Mel Martinez, the public face of the Republican National Committee as its general chairman, announced Friday he was stepping down from his post after serving only 10 months.

“I believe that our future as a party and nation is bright and I have every intention of continuing to fight for our president, our party and our candidates,” the Florida senator said in a statement.

His resignation came months earlier than anticipated. Martinez wasn’t expected to step down until a Republican presidential nominee was selected, and the earliest that could occur is February.

The RNC said Martinez’ job would not be filled.

Martinez, a prominent Cuban-American who is up for re-election in 2010, said he was relinquishing the job to spend more time focusing on his Florida constituents. He also said the RNC had achieved the objective he set when he assumed the job in January.

“I would love to tell you that it was all a perfect world, but you know in a practical matter that it’s not, and sure, I think that the conflicting pressures and my always making the choice for the Senate, which is what I should and always did, at times caused frustration in not being able to get to an event or give a speech,” Martinez said in a conference call with reporters.

The RNC, which raised $61 million by the end of September, has been the only national GOP party committee to outraise its Democratic counterpart this year.

Though the party committee has done better than the Democratic National Committee in fundraising this year, Republicans have privately expressed concern that the RNC’s finances are not stronger. The RNC has not kept pace with the far more robust financial picture the party displayed in 2003, when it had raised more than $77 million by the end of September, and 2005 when it had raised about $78.5 million for the same period.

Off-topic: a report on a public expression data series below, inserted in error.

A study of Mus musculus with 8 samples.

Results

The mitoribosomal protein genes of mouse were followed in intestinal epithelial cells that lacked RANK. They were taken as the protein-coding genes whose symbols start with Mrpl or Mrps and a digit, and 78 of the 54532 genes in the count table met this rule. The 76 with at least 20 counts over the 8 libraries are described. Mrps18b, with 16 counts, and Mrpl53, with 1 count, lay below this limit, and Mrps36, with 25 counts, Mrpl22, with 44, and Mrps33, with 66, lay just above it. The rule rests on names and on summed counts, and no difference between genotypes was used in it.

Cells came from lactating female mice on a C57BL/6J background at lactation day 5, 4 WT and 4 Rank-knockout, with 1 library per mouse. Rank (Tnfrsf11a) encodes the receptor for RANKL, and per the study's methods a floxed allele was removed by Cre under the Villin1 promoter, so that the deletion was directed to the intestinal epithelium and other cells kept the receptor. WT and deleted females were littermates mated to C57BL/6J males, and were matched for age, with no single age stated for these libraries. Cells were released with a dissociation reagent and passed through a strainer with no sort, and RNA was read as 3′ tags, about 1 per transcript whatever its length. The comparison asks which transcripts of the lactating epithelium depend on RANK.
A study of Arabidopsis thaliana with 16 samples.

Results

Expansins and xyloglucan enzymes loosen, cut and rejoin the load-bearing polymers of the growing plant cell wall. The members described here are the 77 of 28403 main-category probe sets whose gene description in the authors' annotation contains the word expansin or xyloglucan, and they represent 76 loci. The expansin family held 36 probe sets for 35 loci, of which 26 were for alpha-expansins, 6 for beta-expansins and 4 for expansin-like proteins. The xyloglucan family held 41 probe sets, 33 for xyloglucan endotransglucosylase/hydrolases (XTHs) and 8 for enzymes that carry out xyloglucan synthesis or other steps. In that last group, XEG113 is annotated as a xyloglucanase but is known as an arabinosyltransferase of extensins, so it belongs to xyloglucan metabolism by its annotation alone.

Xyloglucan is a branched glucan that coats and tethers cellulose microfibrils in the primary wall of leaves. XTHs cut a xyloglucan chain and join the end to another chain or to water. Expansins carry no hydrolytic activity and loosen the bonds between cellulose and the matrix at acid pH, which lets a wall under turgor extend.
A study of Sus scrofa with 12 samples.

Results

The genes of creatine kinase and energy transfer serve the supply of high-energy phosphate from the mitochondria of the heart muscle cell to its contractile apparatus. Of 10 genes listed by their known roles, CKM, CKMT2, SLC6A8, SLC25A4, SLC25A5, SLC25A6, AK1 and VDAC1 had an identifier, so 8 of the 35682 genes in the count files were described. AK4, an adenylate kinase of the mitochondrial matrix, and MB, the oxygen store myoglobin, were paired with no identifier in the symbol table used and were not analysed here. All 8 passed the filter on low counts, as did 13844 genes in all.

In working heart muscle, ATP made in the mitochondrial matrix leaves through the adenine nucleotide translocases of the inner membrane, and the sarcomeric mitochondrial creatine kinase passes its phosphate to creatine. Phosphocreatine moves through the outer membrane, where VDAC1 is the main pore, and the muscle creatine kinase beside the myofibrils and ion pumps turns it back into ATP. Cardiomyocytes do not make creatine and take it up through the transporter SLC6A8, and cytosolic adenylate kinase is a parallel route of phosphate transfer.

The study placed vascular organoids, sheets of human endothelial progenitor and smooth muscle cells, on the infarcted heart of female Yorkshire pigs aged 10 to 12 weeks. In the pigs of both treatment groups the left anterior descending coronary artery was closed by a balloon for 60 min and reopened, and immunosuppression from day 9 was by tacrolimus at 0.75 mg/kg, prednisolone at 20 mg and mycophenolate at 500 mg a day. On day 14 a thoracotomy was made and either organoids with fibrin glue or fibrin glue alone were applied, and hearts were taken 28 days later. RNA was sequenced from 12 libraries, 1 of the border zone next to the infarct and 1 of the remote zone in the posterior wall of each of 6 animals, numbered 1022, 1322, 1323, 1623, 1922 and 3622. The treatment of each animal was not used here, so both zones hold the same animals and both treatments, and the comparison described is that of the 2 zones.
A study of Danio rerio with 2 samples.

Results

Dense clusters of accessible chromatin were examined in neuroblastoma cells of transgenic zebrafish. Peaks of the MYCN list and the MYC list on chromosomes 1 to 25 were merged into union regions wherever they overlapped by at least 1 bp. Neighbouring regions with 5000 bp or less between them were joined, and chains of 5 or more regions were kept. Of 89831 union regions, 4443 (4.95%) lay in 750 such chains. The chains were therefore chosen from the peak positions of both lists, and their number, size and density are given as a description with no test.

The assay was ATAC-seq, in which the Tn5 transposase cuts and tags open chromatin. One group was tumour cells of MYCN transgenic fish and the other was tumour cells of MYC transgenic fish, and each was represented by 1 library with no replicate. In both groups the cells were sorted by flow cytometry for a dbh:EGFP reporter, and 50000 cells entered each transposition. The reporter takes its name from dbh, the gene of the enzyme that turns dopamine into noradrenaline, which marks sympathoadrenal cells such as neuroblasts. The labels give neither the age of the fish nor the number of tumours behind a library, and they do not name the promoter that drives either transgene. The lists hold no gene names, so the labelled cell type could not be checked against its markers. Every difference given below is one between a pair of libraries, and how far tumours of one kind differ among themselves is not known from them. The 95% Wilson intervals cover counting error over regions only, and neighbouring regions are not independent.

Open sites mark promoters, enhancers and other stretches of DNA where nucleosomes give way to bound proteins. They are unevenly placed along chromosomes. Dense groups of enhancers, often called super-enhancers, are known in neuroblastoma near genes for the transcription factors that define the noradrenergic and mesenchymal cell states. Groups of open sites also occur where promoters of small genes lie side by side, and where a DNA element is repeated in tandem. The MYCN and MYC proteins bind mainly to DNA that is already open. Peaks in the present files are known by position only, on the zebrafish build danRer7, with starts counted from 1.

Martinez has shared the chairmanship with Mike Duncan, a longtime RNC official who has been responsible for the party’s day-to-day operations. Republican officials say with Martinez’ departure, the RNC will return to a traditional leadership structure with a single chairman.

President Bush named Martinez, who previously served in the Cabinet, as general chairman last November.

He had been reluctant to assume the role and did so only after repeated White House overtures. When he accepted the job, he had indicated to friends that he anticipated serving only about a year in the post.

“It was hard. It was more about me and my sense of being torn. At some point that wears on you a bit,” Martinez told reporters.

Several Republicans with close ties to the RNC said Martinez needed to focus on retaining his seat in Florida, where his job approval rating has fallen. A Quinnipiac University poll in September found that 38 percent of those surveyed said they approved of the job he was doing, down from 48 percent in February.

In addition, Republican officials say Martinez had grown frustrated with juggling his two jobs.

The first-term senator was brought on to be the face of the party, focusing on fundraising, outreach and travel to promote the GOP agenda.

In a statement, the president said Martinez “has effectively communicated our party’s commitment to addressing the issues most important to all Americans. His message of hope and opportunity has resonated throughout America and strengthened support for our agenda.”

Separately, Duncan called it an honor to serve with Martinez.

“Our party has effectively laid the groundwork for the 2008 Republican presidential nominee thanks in large part to Senator Martinez’s efforts,” Duncan said in a statement.

By tapping Martinez to be the party’s public persona a year ago, the White House had turned to a lawmaker who has been a staunch supporter of the president, including on the issue of comprehensive immigration reform, including a guest-worker program.

Martinez served as Bush’s secretary of Housing and Urban Development from 2001 until 2003, when he resigned to run for the Senate seat left open by Democratic Sen. Bob Graham’s retirement.


Associated Press Writer Jim Kuhnhenn in Washington and Brendan Farrington in Florida contributed to this report.